The weekly email from the American Bar Association popped up with news for the week. I usually find something of interest, but last week’s didn’t have much. I did see where a law firm had banned phones and other communication devices from firm meetings. Thought I’d take a look.
The story was short and to the point. A law firm had established rules regarding the use of cell phones and portable email devices in meetings. Seems that the lawyers had grown tired of having that type of interruption. That was it. The story was over. I thought there must be more, so I paged down below the advertisements.
I don’t suppose that I had done that before. But I discovered that there was a comment feature at the bottom of the page. I wasn’t really curious but for some unknown reason I started reading.
First comment commended the law firm. Second comment commended the law firm and went further, condemning anyone who talks on a cell phone in public. Third commenter told the second commenter to lighten up. That line of thought went back and forth for awhile.
And then someone noticed that the headline said “Firm Bans Blackberrys,” or something like that. So, of course, a heated debated arose over whether the plural of Blackberry is Blackberrys or Blackberries. Soon, commenters were blending the plurality issue with whether cell phones and emails by phone are from the devil — and possibly whether other commenters were demonic.
This is the tragedy of online news and blogs. In the cloak of anonymity, people act nasty to other people. Yes, it happens face to face, too. But people really think it’s okay and even admirable if they can make derogatory remarks about other people on the internet. It is true that some individuals are respectful and articulate. But many are not.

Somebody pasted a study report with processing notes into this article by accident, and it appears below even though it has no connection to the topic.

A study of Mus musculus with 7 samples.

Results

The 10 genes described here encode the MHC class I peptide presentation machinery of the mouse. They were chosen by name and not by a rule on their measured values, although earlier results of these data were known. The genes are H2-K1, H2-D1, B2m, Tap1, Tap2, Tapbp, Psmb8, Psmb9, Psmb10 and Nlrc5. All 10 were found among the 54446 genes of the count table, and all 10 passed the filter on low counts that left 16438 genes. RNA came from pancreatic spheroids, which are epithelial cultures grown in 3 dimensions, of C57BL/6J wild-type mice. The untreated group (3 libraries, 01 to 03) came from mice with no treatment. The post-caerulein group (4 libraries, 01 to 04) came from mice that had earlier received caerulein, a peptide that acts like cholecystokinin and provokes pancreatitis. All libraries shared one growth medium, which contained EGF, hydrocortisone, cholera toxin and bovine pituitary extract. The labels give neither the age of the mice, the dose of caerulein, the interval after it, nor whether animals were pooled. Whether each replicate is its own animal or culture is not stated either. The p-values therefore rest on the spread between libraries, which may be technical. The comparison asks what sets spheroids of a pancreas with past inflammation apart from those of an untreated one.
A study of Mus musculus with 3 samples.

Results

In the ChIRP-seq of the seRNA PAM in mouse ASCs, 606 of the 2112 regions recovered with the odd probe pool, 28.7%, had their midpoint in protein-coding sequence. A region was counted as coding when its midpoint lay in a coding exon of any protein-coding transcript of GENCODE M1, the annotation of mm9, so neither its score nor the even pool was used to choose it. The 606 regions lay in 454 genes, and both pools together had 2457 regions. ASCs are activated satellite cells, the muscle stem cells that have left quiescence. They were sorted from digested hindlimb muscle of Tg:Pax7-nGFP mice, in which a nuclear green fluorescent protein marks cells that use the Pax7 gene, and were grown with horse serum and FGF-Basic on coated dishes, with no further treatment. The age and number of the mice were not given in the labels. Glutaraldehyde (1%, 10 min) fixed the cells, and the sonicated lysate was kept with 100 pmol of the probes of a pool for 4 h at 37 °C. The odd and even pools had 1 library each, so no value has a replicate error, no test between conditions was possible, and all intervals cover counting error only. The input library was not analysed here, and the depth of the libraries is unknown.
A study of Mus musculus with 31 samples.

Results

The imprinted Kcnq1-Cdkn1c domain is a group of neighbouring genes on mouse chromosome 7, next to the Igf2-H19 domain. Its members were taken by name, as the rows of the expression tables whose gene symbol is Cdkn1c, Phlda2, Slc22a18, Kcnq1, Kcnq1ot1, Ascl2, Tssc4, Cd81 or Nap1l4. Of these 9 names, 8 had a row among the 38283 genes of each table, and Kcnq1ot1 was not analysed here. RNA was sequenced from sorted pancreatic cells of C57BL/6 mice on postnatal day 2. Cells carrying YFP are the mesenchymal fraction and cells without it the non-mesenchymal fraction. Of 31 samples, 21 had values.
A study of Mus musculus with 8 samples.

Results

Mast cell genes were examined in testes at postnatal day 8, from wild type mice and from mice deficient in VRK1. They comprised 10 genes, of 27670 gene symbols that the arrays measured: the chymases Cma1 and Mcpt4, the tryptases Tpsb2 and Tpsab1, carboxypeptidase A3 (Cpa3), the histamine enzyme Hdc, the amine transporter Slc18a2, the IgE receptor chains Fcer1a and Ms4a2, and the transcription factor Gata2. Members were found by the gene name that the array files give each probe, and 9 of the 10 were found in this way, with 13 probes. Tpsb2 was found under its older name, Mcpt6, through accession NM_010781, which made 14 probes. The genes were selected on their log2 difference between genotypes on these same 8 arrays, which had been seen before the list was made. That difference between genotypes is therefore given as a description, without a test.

That’s why I was blessed by what Kate said, way down in the list of comments. Her words?
I have never taken the time to read comments responding to a posted article. Hilarious–thanks for the entertainment! I particularly love when one individual criticizes another, all the while making blatant typos, whether spelling, punctuation, or grammar. Another favorite: the witty remarks. Thanks for the laughs.
In her kind way, Kate assumed the best. That people were simply going out of their way to entertain her and other readers. And don’t you love the gentle way she pointed out that perhaps people should pay attention to what they type?
Seems to me that many of the earlier comments could have been made in Kate’s style. The same information would have been imparted. And we would have all been spared the nastiness. Who knows? Perhaps I’ve missed the point. Maybe online comments should only be viewed as entertainment.
Oh, and if you are wondering, the plural of Blackberry is “Blackberry Mobile Devices” according to one of the commentators who bothered to go and ask the company. Not much entertainment value in that, but the process is certainly refreshing.